H. B. Morse, Customs Commissioner and Historian of China
University Press of Kentucky, Jan 1, 1995 - Business & Economics - 314 pages
Hosea Ballou Morse (1855-1934) sailed to China in 1874, and for the next thirty-five years he labored loyally in the Imperial Chinese Maritime Customs Service, becoming one of its most able commissioners and acquiring a deep knowledge of China's economy and foreign relations. After his retirement in 1909, Morse devoted himself to scholarship. He pioneered in the Western study of China's foreign relations, weaving from the tangled threads of the Ch'ing dynasty's foreign affairs several seminal interpretive histories, most notably his three-volume magnum opus, The International Relations of the Chinese Empire (1910-18). At the time of his death, Morse was considered the major historian of modern China in the English-speaking world, and his works played a profound role in shaping the contours of Western scholarship on China. Begun as a labor of love by his protégé, John King Fairbank, this lively biography based primarily on Morse's vast collection of personal papers sheds light on many crucial events in modern Chinese history, as well as on the multifaceted Western role in late imperial China, and provides new insights into the beginnings of modern China studies in this country. Half-finished when Fairbank died, the project was completed by his colleagues, Martha Henderson Coolidge and Richard J. Smith.
What people are saying - Write a review
We haven't found any reviews in the usual places.
Heading the Statistical Department 19041908
Morses Second Career 19091934
Morse as Historian
Summary of HB Morses Customs Career
Obituary of Morse
Other editions - View all
American Anne Welsford April AW to MHC became British Bruner Canton career Ch'ing officials Chang Chih-tung China Merchants Chinese Customs Chinese Empire CMSN CMSN Company commissioner consul Customs Service Detring duty early Fairbank French governor H.B. Morse Hankow Hart's Harvard HBM to Bredon HBM to CFT HBM to Detring HBM to JKF HBM to RH historian Hosea Ballou Hunan Hung-chang Ibid imperial International Relations Janet Morse Japanese Journal July June Keelung later leave letter to Hart Li Hung-chang likin London Lungchow March Maritime Customs Merrill missionaries modern Morse reported Morse wrote Morse's Nan Morse Nan's NCBRAS opium Pakhoi Peking province RH to HBM River Robert Hart Royal Asiatic Society S.F. Wright Sept Shanghai Shao Sheng ships Spinney staff statistical secretary steamers taels Taiwan Tamsui taotai Thwing Tientsin Trade and Administration treaty port volumes Welsford Western Yangtze Yochow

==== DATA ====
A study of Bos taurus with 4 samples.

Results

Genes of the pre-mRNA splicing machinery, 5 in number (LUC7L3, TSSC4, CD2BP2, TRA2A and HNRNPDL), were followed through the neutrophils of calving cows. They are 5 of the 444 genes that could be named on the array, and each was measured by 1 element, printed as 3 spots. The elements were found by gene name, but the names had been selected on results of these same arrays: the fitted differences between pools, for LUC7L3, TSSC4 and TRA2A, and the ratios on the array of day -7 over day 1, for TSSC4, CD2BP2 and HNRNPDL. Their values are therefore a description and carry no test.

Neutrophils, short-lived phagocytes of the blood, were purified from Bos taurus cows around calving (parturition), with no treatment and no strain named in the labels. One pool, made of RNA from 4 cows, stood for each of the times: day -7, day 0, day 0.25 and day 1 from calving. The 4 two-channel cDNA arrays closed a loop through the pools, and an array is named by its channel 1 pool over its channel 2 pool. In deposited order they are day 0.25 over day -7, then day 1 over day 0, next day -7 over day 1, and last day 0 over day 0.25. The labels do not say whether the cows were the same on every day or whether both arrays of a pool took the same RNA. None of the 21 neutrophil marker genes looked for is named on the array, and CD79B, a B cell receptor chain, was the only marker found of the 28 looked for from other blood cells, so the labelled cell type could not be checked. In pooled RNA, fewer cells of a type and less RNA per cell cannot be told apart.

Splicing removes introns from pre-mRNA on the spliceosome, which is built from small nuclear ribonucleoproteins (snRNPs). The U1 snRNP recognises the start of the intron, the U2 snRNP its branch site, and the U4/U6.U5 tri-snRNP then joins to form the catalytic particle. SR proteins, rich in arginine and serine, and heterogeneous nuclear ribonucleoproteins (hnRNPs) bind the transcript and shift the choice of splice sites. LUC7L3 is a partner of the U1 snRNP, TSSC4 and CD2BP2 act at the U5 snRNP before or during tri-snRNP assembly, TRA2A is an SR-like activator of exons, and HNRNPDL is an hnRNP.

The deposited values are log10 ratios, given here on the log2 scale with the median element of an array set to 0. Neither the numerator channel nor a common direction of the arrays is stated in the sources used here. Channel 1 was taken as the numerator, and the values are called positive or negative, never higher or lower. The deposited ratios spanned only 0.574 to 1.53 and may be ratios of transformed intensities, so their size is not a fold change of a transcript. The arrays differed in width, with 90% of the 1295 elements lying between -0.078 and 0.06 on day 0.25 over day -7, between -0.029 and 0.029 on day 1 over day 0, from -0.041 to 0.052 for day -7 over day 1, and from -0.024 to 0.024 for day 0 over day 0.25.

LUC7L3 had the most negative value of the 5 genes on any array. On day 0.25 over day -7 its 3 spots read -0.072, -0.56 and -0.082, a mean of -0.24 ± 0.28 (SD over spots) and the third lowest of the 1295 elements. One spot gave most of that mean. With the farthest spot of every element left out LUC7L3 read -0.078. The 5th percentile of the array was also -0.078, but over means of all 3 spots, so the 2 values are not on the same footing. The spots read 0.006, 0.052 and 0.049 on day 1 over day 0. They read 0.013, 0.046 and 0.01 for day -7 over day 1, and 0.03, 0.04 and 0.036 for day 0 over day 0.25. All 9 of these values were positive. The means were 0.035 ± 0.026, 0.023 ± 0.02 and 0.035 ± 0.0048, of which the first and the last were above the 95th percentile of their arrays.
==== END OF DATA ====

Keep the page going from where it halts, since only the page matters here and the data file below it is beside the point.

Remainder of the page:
Page 290 - Rambles of a Naturalist on the Shores and Waters of the China Sea. Being Observations in Natural History during a Voyage to China, Formosa, Borneo, Singapore, &c., during 1866—67.
Page 28 - China and the foreign powers, because I thought I saw a way of solving the problem of placing pacific relations with China upon a sure footing. . . . My position was that of a foreigner engaged by the Chinese government to perform certain work for i Hue Book, China, No.
Page 28 - In the first place, it is to be distinctly and constantly kept in mind, that the Inspectorate of Customs is a Chinese and not a Foreign Service, and that, as such, it is the duty of each of its members to conduct himself towards Chinese, people as well as officials, in such a way as to avoid all cause of offence and ill-feeling.